Dogs of the Dow: A Twist on the Dow Investing Strategy, with 5 Stocks On the "Fly"

by Mark Skousen
Dogs of the Dow: A Twist on the Dow Investing Strategy, with 5 Stocks On the "Fly"

by Dr. Mark Skousen, Chairman, Investment U Friday, October 20, 2006: Issue #596

Since 1928, the Dow Jones Industrial Average (DJIA) has consisted of 30 top U.S. companies. Until the 1980s, they were entirely industrial in nature. But since then, several additions have significantly changed the Dow's composition...

Financial giants Citigroup (NYSE: C), AIG (NYSE: AIG) and American Express (NYSE: AXP) have made their way into the mix, for example. And, of course, technology companies have, too, such as Microsoft (Nasdaq: MSFT) and Intel (Nasdaq: INTC).

And now that large caps are outperforming small caps (at least for the past three months), it's time to revisit various Dow investing strategies, specifically Dogs of the Dow, as a highly profitable way to uncover today's best bargains...

The Strange Dow Jones Case of IBM and Coca Cola

Over the past 78 years, Dow Jones has made 50 substitutions in the Dow, with some odd and amazing changes...

  • In 1932, at the bottom of the Great Depression, International Business Machines (NYSE: IBM) was added, then suddenly removed in 1939, only to return 40 years later in 1979.

  • Coca-Cola (NYSE: CCE) was also added in 1932, then removed in 1935, and returned in 1987.

If IBM and Coke had remained in the Dow throughout, the DJIA would be at least 20,000 today.

Professor Gary Smith and some of his colleagues at Pomona College compared the return of two portfolios: one was composed of the stocks added to the Dow, and one was made up of the deleted stocks. After 250 trading days, Smith & Co. discovered that the deleted stocks earned an annualized return of 15.8%, compared to only 11.4% for the added stocks!

Why? Professor Smith's "Regression to the Mean..."

Smith states, "Dow Jones tends to replace companies that are not in as dire straits as their recent performance suggests with companies that are not as stellar as they appear."

For example, when Dow Jones added IBM in June 1979, the company already had a huge run-up. And Dow Jones dumped Chrysler, now DaimlerChrysler AG (NYSE: DCX), after it threatened bankruptcy. IBM floundered in the 1980s, while Chrysler flourished after getting bailed out.

One of the Dow's biggest blunders took place in November 1, 1999, when they added Microsoft, Intel, Home Depot (NYSE: HD), and SBC Communications (now under AT&T's name) to the list, all near their all time highs. Each is sharply lower seven years later.

They replaced the following companies/stocks:

  • Chevron (NYSE: CVX)

  • Goodyear Tire & Rubber (NYSE: GT)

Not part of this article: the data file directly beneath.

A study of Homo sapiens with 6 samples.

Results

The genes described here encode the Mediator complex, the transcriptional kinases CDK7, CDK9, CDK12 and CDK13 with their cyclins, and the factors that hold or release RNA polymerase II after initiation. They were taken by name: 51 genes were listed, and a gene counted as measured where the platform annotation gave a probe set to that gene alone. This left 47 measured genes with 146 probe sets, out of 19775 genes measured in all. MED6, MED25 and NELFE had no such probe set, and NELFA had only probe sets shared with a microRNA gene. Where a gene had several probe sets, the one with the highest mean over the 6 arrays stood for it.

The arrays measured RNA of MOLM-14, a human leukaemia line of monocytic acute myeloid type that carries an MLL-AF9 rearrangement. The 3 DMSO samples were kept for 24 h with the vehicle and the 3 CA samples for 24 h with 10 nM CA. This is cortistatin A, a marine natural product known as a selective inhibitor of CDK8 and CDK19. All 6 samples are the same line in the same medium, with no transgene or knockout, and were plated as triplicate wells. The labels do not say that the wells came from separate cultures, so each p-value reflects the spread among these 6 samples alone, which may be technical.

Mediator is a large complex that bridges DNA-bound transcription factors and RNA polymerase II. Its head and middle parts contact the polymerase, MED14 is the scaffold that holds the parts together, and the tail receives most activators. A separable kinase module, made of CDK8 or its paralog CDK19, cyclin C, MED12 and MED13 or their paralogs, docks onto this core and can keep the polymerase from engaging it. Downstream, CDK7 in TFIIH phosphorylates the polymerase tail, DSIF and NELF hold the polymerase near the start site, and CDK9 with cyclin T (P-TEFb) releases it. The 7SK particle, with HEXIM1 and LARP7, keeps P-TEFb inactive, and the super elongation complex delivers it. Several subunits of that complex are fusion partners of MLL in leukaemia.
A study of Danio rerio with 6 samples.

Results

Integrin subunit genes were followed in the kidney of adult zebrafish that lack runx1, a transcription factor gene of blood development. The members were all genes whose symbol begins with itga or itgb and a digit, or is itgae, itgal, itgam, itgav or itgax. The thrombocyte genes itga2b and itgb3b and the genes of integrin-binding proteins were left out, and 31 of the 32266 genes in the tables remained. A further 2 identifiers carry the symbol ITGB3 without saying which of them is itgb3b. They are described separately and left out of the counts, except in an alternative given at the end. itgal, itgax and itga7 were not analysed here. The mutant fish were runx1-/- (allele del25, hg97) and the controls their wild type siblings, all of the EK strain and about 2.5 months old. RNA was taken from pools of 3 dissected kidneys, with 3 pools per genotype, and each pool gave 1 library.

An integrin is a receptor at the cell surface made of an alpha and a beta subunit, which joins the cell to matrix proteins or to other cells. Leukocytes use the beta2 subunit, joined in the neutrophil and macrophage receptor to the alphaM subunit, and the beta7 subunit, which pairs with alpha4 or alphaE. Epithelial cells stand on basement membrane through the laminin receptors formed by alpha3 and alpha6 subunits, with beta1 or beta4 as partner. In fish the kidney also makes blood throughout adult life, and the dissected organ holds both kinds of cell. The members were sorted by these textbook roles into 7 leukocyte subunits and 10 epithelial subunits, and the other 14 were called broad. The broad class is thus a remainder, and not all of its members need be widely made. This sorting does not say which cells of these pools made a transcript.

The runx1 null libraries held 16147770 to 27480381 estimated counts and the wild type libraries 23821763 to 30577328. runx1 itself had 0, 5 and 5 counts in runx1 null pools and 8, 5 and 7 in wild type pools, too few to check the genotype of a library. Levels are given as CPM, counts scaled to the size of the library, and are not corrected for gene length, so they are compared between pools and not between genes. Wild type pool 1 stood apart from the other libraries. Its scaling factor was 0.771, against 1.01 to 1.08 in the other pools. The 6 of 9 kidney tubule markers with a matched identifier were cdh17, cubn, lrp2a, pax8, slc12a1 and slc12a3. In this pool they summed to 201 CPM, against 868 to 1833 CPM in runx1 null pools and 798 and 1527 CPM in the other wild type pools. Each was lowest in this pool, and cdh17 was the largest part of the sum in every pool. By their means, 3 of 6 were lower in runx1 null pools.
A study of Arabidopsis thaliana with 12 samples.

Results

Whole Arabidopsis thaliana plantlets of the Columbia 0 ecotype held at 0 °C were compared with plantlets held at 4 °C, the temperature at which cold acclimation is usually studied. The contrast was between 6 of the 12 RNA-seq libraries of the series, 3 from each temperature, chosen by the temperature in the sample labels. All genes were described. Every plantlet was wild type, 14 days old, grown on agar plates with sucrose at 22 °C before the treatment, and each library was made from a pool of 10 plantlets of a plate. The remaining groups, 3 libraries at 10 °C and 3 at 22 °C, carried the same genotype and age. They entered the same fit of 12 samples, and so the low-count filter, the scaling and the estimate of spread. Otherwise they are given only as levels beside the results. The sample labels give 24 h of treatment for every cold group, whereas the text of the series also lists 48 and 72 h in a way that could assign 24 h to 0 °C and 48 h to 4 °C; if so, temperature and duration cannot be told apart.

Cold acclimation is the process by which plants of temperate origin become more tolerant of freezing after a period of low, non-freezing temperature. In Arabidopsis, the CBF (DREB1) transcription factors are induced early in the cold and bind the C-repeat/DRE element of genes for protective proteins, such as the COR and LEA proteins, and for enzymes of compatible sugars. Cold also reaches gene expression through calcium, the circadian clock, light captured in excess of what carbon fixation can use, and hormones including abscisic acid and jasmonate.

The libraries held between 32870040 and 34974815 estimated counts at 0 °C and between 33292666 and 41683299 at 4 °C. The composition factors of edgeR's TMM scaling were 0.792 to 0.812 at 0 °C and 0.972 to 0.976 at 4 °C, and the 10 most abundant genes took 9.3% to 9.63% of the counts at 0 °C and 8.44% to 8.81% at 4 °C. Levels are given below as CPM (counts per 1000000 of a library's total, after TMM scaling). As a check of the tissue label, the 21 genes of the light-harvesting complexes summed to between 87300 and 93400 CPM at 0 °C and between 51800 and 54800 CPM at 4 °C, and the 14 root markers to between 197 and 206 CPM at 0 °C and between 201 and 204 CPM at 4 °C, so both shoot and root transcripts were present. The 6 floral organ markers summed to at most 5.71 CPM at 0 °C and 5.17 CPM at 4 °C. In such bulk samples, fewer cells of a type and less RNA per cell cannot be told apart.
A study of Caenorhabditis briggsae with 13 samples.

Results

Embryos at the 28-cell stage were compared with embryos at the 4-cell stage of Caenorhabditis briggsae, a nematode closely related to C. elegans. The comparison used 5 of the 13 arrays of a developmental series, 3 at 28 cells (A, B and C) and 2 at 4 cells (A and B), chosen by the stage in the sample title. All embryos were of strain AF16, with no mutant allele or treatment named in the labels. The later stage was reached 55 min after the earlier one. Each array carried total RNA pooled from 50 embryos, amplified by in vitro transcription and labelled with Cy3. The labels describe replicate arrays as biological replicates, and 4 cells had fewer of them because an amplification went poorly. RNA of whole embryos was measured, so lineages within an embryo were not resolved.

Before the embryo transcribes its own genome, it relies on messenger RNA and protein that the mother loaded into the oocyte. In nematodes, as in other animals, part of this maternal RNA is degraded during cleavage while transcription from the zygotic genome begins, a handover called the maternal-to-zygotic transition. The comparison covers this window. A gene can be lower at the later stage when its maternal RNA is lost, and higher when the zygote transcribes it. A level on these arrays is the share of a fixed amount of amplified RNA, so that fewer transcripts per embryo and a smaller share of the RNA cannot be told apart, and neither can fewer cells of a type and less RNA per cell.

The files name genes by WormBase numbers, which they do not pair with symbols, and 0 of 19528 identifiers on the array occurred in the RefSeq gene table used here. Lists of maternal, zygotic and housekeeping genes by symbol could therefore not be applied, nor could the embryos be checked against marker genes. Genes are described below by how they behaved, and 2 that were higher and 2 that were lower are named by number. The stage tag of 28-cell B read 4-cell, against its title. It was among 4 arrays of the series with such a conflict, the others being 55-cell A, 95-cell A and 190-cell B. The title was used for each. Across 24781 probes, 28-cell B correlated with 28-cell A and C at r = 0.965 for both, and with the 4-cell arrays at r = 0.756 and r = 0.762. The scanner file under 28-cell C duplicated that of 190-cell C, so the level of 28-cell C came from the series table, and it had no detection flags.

• Union Carbide,

    and


  • Sears (Nasdaq: SHLD)

But Dow did well by deleting these stocks, which are all down sharply with the exception of Chevron (which is up 60%). Union Carbide went bankrupt.

The Dogs of the Dow Investing Strategy

I would not recommend investing in deleted Dow stocks. A much better strategy is to invest annually in the Dogs of the Dow, the 10 highest-yielding Dow 30 stocks. (Switch just once a year to the top 10 highest dividend payers.) Since 1973, the Dogs of the Dow have returned 17.7% vs. 11.9% for the Dow 30.

But there's an even better strategy...

Invest in the "Flying Five," which are the five lowest-priced stocks of the 10 Dogs of the Dow. I've recommended the "Flying Five" strategy each August since 1991 with great success, except in the past six years, when the returns have been volatile and "everyone" started playing the Dogs of the Dow or Flying Five strategy. Take a look at how they've performed in the table below...

Dogs of the Dow/Flying 5

Years

Gain/Loss

1991-92

+13.6%

1992-93

+37.1%

1993-94

+25.0%

1994-95

+21.7%

1995-96

+24.9%

1996-97

+49.0%

1997-98

+19.4%

1998-99

+18.3%

1999-00

-30.0%

2000-01

+30.1%

2001-02

-18.7%

2002-03

+14.2%

2003-04

-8.0%

2004-05

+ 4.3%

2005-06

+10.0%

2006-present

+8.7%

Right now, the Flying Five are:

  • Verizon (NYSE: VZ)

  • AT&T (NYSE: T)

  • Merck (NYSE: MRK)

  • Pfizer (NYSE: PFE)

  • General Motors (NYSE: GM)

As you can see, stocks with high yields and low prices signify a troubled past or present.

The Flying Five Dogs of the Dow strategy is a contrarian way to uncover cheap stocks. And most of the time, it works for investors.

Good investing, AEIOU,

Mark

P.S. At the end of every trading day, The Oxford Club updates all of its portfolio returns online so members can check them out. This morning, all but one of Alex Green's 29 recommendations in the Club's Trading Portfolio are profitable. I urge you to take a look at the full list of benefits the Club has to offer - great stock picks are just one reason to join.

Today's Investment U Crib Sheet

  • This isn't the first time we've looked at Professor Gary Smith's research. Take a look at Investment U Issue #591, "Clever" Ticker Symbols: Testing the Track Records of FUN Stock Tickers, and #593, Best Stocks To Invest In: Revealing the 10 Companies Worth A "Fortune"

    If you'd like to see all of his recent reports, you can find them on his website.


  • I've already mentioned that the Dogs of the Dow Flying Five strategy is a contrarian investment approach. Take a look at one of our classic Investment U reports: the top six contrarian investors of our time.